Colloquium | April 24 | 4-6 p.m. | Institute for the Study of Societal Issues, Duster Conference Room
2420 Bowditch Street, Berkeley, CA 94720
Zawadi Rucks-Ahidiana, Ph.D. Candidate, Department of Sociology, and Graduate Fellow, Institute for the Study of Societal Issues, UC Berkeley; Melody Tulier, DrPH Candidate, School of Public Health, and Graduate Fellow, Institute for the Study of Societal Issues, UC Berkeley; Cynthia Ledesma, Ph.D. Candidate, Department of Ethnic Studies, and Graduate Fellow, Institute for the Study of Societal Issues, UC Berkeley
Malo André Hutson, Chancellor's Professor, City and Regional Planning, UC Berkeley
ISSI's Graduate Fellows Program presents:
Zawadi Rucks-Ahidiana, Ph.D. Candidate, Department of Sociology, and Graduate Fellow, Institute for the Study of Societal Issues, UC Berkeley
Melody Tulier, DrPH Candidate, School of Public Health, and Graduate Fellow, Institute for the Study of Societal Issues, UC Berkeley
Cynthia Ledesma, Ph.D. Candidate, Department of Ethnic Studies, and Graduate Fellow, Institute for the Study of Societal Issues, UC Berkeley
with Malo André Hutson, Chancellor's Professor of City and Regional Planning, UC Berkeley as respondent
Zawadi Rucks-Ahidiana | "Race and Class in the News: How the Media Portrays Gentrification"
Whether its affordable housing, health insurance, or crime, how a social problem is raced and classed in common discourse contributes to how problems are interpreted and reacted to by the general public and policymakers. The media both informs and reinforces readers perceptions about what happens when social processes like gentrification take place, who is affected, and whether this type of change is positive or negative. Media representations can thus influence public perception, policy framing, and local policies around urban development. This paper uses newspaper articles from 1990 to 2014 from San Francisco, CA to document how the process of gentrification is raced and classed. Using text analysis and qualitative coding, I find that gentrification is usually described as a process involving black and low-income neighborhoods experiencing a recent in-movement of white and middle-class residents. While articles that discussed both race and class presented benefits and concerns about the process of gentrification, articles that discussed class alone were most likely to raise concerns about gentrification and articles that only discussed race were more likely to present benefits of gentrification. Given the prevalence of depictions of predominately black and low-income neighborhoods, this suggests that Americans may see gentrification as a solution to social ills associated with black and poor neighborhoods such as urban disinvestment and crime, rather than a process reducing affordable housing and displacing low-income, long-term residents.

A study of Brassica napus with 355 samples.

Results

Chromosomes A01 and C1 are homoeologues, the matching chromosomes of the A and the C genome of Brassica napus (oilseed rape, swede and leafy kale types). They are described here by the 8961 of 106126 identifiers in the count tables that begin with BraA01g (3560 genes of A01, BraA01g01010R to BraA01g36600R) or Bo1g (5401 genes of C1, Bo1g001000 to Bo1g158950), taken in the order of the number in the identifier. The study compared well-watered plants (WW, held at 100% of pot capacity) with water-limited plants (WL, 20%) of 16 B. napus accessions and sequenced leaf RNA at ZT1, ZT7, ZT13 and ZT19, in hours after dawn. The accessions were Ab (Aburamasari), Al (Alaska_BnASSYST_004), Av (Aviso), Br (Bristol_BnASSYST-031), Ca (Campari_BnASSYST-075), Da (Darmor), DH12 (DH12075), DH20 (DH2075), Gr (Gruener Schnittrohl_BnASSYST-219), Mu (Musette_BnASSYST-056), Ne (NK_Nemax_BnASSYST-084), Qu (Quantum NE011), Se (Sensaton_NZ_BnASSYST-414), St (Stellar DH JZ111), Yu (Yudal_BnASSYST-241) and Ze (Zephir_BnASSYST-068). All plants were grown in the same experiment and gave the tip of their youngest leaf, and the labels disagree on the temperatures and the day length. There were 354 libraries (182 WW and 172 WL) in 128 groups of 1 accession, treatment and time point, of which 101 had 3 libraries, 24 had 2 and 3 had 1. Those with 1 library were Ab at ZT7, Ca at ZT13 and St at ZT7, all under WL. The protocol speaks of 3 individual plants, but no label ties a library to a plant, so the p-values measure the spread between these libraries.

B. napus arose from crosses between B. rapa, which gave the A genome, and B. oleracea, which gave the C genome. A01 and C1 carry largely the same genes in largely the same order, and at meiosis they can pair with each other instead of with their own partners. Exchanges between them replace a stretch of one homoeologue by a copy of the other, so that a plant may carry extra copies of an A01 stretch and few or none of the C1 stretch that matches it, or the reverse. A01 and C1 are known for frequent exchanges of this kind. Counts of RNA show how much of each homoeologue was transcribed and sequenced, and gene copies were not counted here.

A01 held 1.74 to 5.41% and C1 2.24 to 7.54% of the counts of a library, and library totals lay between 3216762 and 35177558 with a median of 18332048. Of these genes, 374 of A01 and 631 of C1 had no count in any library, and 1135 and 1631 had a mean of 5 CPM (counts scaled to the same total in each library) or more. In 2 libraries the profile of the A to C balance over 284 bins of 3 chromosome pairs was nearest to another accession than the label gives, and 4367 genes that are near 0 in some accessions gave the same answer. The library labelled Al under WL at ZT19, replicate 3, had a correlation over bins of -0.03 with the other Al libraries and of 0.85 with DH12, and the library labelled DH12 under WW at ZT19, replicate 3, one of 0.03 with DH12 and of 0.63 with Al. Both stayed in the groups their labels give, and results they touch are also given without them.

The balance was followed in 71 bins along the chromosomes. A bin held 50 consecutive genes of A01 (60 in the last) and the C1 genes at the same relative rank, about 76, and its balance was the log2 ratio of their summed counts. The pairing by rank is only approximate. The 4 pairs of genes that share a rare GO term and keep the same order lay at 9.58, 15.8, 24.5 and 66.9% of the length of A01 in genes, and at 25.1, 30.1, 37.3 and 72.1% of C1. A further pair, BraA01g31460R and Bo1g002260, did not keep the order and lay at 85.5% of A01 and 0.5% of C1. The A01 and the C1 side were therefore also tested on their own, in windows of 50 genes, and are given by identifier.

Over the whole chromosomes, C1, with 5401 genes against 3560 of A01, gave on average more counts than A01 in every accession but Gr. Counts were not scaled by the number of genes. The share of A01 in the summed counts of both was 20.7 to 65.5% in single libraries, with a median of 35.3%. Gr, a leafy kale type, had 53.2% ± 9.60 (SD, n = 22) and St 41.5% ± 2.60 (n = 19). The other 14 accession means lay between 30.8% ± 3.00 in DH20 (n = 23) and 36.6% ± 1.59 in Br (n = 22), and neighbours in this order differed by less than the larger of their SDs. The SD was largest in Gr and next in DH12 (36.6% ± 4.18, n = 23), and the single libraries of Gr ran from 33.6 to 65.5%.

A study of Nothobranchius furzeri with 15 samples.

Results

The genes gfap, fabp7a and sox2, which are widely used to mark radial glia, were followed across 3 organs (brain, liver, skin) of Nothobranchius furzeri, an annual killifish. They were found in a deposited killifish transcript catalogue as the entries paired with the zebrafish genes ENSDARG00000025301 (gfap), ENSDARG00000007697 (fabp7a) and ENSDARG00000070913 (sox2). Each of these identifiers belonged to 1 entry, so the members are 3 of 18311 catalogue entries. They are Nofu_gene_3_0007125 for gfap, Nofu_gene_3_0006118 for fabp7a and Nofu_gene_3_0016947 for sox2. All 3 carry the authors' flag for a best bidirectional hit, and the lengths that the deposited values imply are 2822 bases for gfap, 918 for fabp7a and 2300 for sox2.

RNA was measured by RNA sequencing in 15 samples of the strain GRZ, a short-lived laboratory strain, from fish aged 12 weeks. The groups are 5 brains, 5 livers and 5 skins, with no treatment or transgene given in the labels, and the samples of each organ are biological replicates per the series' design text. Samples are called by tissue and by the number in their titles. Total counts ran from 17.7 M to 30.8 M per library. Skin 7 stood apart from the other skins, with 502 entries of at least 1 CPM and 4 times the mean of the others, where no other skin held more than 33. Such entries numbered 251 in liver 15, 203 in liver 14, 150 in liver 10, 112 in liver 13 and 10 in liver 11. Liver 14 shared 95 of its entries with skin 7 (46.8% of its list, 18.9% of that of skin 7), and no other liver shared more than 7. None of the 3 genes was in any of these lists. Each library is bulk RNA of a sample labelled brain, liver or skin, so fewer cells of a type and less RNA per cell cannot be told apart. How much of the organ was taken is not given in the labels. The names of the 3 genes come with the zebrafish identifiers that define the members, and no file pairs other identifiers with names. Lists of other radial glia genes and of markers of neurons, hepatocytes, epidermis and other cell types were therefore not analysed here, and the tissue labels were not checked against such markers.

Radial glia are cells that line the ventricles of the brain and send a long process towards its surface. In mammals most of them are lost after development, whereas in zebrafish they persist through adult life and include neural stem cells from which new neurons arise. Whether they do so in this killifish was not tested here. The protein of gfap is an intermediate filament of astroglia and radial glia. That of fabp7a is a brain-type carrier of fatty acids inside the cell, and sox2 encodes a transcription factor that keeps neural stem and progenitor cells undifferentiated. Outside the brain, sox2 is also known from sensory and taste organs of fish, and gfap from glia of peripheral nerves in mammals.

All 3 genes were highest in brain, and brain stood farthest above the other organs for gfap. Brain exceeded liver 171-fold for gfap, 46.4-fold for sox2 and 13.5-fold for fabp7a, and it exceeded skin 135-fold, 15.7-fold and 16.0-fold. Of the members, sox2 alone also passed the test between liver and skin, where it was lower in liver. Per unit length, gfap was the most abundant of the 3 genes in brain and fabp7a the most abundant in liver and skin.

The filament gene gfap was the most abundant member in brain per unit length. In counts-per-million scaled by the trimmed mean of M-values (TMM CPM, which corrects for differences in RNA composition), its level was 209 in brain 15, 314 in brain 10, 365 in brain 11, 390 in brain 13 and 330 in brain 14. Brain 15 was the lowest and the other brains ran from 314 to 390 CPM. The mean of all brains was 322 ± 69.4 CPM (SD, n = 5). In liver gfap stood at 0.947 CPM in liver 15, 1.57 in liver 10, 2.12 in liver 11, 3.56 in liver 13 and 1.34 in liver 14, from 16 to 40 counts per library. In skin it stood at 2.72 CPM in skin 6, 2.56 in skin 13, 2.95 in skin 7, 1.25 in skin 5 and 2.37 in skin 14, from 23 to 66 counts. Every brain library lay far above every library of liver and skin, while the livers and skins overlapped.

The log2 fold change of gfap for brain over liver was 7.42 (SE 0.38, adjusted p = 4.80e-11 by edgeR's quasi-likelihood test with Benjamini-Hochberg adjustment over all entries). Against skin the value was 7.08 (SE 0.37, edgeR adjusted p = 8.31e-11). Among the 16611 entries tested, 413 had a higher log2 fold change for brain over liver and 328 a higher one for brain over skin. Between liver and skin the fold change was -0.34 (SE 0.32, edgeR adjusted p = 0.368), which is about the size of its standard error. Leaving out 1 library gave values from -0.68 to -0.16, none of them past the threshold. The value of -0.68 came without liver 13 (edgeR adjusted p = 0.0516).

Melody Tulier | "The Puzzle of Gentrification and Preventable Mortality: An Exploratory Study Based in Alameda County"
Gentrification, a process of economic and demographic shifts within neighborhoods, changes a neighborhoods economic, social, and physical resources, which are critical to resident health outcomes. While some argue gentrification improves public services, neighborhood aesthetics and community safety, others contend it catalyzes displacement of long-term residents and loss of health protective social networks. Is the rate of preventable death changing over time among long-term residents in low-income census tracts of varying stages of gentrification within Alameda County? In the context of gentrification, preventable deaths include those where: a limited time of exposure is necessary to result in death, the illnesses are easily treatable or acuity is modifiable, and resources necessary for modification are plausible within neighborhoods experiencing gentrification. Rates of preventable mortality are quantified by census tract using individual cause of death data for all deceased individuals in Alameda County from 2005 2013. The association between stages of gentrification and preventable mortality in Alameda County is then examined. This research helps to illuminate current macro-level forces exacerbating or mitigating health inequities and moves beyond traditional individual level behavior measures that stymie policy change.
Cynthia Ledesma | "Gaging the Color-line: Segregation, Space-making and the Zone of Non-being"
Chicago served as a major port of entry for waves of migrants throughout the 20th century. After decades of European migration, the arrival of Mexicans and African-Americans in the early and mid 20th century profoundly altered the racial landscape of the burgeoning metropolis. Using the decennial census on population and housing data and archival materials, including newspaper articles and interviews, from 1960-2000, I examine two neighborhoods on Chicagos southwest side, Gage Park and Chicago Lawn, during a period of intense racial turmoil impelled by efforts to desegregate housing and schooling. I briefly examine the historical relationship between African-American and Mexican newcomers vis-à-vis white long-term residents to contextualize the processes of differential racialization and incorporation into a local racial schema. Using a Fanonian conceptualization of racism, I argue that African-American and Mexican racialization, while displaying strikingly different overt and covert characteristics, relegated both groups to a geo-political zone of non-being.